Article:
Bank of Ireland - Bank of Ireland (LSE:BIRG) is one of Ireland's two largest lenders and, from a banking perspective, is relatively traditional in its scope of activities. The bank primarily collects deposits and extends retail loans, commercial loans and provides treasury functions in Ireland and the U.K. The company also has a small wealth and insurance products sales business. In many regards Bank of Ireland's fortunes have mirrored that of its home country. The bank was a participant in the heady days of rapid growth during the early 2000s and was not well-prepared for the related events of the Global Financial Crisis followed by the European Sovereign Crisis, similar to Ireland itself. Those statements are largely true for the entire Irish banking sector and many banks in Europe for that matter. What is more specific to the Irish experience and the Irish banking sector was an early acceptance of the dire state of affairs and a willingness to endure the pain required to facilitate a proper healing. Today, a mere seven years later, Ireland is one of the better capitalized European sovereigns and home to one of Europe's healthiest and most dynamic economies. Meanwhile, Bank of Ireland also underwent a recapitalization following the European Sovereign Crisis followed by a considerable amount of shedding of legacy non-performing asset portfolios. The bank quickly returned to respectable levels of profitability and the combination of the asset quality improvement, recurring profits and a growing domestic loan market have enabled strong and increasing capital base. Today, Bank of Ireland is among Europe's better capitalized banks. More broadly, the post-crisis cleansing of the Irish banking sector has seen several exits and left the industry substantially more concentrated than it used to be, which typically facilitates better pricing and structurally higher profit levels. Meanwhile, the Irish economy and the Irish lending that supports it have regained their dynamism and the Irish banking sector is once again growing.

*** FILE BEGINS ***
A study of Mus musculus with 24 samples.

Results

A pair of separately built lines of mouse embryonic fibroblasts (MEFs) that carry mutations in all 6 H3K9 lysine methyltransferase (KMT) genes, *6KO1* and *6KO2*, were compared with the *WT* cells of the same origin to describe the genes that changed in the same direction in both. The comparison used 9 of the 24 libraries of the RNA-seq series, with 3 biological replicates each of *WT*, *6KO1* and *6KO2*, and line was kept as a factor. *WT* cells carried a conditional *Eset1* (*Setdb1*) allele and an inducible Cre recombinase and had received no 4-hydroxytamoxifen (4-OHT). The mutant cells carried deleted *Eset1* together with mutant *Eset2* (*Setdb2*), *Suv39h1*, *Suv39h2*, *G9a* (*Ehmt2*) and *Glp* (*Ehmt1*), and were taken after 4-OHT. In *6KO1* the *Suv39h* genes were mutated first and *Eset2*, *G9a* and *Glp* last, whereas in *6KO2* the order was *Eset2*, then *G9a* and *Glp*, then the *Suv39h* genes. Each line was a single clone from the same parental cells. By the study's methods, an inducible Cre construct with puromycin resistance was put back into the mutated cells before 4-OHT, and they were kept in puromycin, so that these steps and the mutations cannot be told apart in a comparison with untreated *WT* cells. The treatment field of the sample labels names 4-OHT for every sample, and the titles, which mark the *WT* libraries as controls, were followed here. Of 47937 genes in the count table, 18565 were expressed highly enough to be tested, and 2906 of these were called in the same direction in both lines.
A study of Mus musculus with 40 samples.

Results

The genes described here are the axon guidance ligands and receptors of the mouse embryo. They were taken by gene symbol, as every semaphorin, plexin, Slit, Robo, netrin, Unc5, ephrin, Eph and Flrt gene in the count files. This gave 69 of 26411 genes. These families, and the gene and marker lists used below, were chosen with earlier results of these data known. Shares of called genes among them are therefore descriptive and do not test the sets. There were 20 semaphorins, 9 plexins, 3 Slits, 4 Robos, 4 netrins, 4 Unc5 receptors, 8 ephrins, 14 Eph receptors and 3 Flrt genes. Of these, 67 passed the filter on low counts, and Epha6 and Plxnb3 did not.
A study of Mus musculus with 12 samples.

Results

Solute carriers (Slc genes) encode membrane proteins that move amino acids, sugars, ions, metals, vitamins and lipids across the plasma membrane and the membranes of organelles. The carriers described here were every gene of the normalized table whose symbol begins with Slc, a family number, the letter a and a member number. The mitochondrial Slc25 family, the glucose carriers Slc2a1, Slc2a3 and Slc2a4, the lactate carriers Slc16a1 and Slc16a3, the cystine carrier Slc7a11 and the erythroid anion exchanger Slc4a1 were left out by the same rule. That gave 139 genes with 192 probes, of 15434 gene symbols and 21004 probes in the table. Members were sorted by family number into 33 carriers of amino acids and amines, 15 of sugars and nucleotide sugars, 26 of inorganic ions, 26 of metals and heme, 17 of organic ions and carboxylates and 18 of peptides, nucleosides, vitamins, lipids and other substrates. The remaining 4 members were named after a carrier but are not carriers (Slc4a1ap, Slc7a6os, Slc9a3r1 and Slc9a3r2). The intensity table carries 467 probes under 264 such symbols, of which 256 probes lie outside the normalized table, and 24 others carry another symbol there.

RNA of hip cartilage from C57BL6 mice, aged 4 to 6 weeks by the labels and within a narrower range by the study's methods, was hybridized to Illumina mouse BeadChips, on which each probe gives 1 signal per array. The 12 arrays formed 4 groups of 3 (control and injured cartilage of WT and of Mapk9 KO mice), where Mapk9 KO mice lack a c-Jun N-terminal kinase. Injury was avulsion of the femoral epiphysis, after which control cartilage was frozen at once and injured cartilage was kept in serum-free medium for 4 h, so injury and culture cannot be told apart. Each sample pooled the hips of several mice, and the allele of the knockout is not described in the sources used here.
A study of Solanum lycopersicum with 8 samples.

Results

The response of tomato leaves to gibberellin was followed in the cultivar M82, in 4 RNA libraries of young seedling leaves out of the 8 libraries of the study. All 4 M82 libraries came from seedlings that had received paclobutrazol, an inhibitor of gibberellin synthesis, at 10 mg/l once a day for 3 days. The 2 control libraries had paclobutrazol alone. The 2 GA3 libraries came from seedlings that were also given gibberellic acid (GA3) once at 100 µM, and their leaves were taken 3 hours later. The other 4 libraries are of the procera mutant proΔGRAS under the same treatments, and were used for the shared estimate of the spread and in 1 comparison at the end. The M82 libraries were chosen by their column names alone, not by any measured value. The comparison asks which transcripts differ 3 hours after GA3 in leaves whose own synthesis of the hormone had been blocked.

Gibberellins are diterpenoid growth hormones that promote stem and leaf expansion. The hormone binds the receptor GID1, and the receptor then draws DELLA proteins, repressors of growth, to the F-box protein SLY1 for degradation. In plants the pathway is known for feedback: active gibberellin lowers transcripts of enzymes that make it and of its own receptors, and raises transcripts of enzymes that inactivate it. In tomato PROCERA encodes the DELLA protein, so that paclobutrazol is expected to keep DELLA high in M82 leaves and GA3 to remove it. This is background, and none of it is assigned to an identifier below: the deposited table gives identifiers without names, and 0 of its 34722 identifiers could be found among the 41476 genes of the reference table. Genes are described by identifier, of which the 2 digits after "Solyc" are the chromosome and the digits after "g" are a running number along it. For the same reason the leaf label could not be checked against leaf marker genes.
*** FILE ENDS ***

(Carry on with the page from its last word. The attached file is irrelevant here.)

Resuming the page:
However, while Bank of Ireland has rightly been focused on fortifying its balance sheet in the post-crisis years, little has been done by way of investing in operating efficiencies that are likely to improve cost-to-income and profitability ratios even further. Those initiatives are now underway in earnest. Yet, in spite of all of that improvement, like BMW, Bank of Ireland has seen a substantial "de-rating" over the last couple of years. Today, the shares are trading at 60% of tangible book value and approximately 7.5x 2019 earnings with earnings on an upward trajectory. Again, like BMW and other Fund holdings, from an earnings yield perspective, the shares currently offer a substantial premium to long-term equity market returns. With the current valuation of 60% of tangible book value with a balance sheet that is in terrific condition and a growing income statement, the probabilities of a positive outcome for shareholders appear far greater, in our view, than of a negative one. This is precisely the type of asymmetry we are attempting to establish. What it special about this moment in time is that the attractive asymmetry is available in very healthy, well-capitalized companies with enduring business models.


From Third Avenue Value Fund (Trades, Portfolio)'s second-quarter 2019 portfolio manager commentary.
This article first appeared on GuruFocus.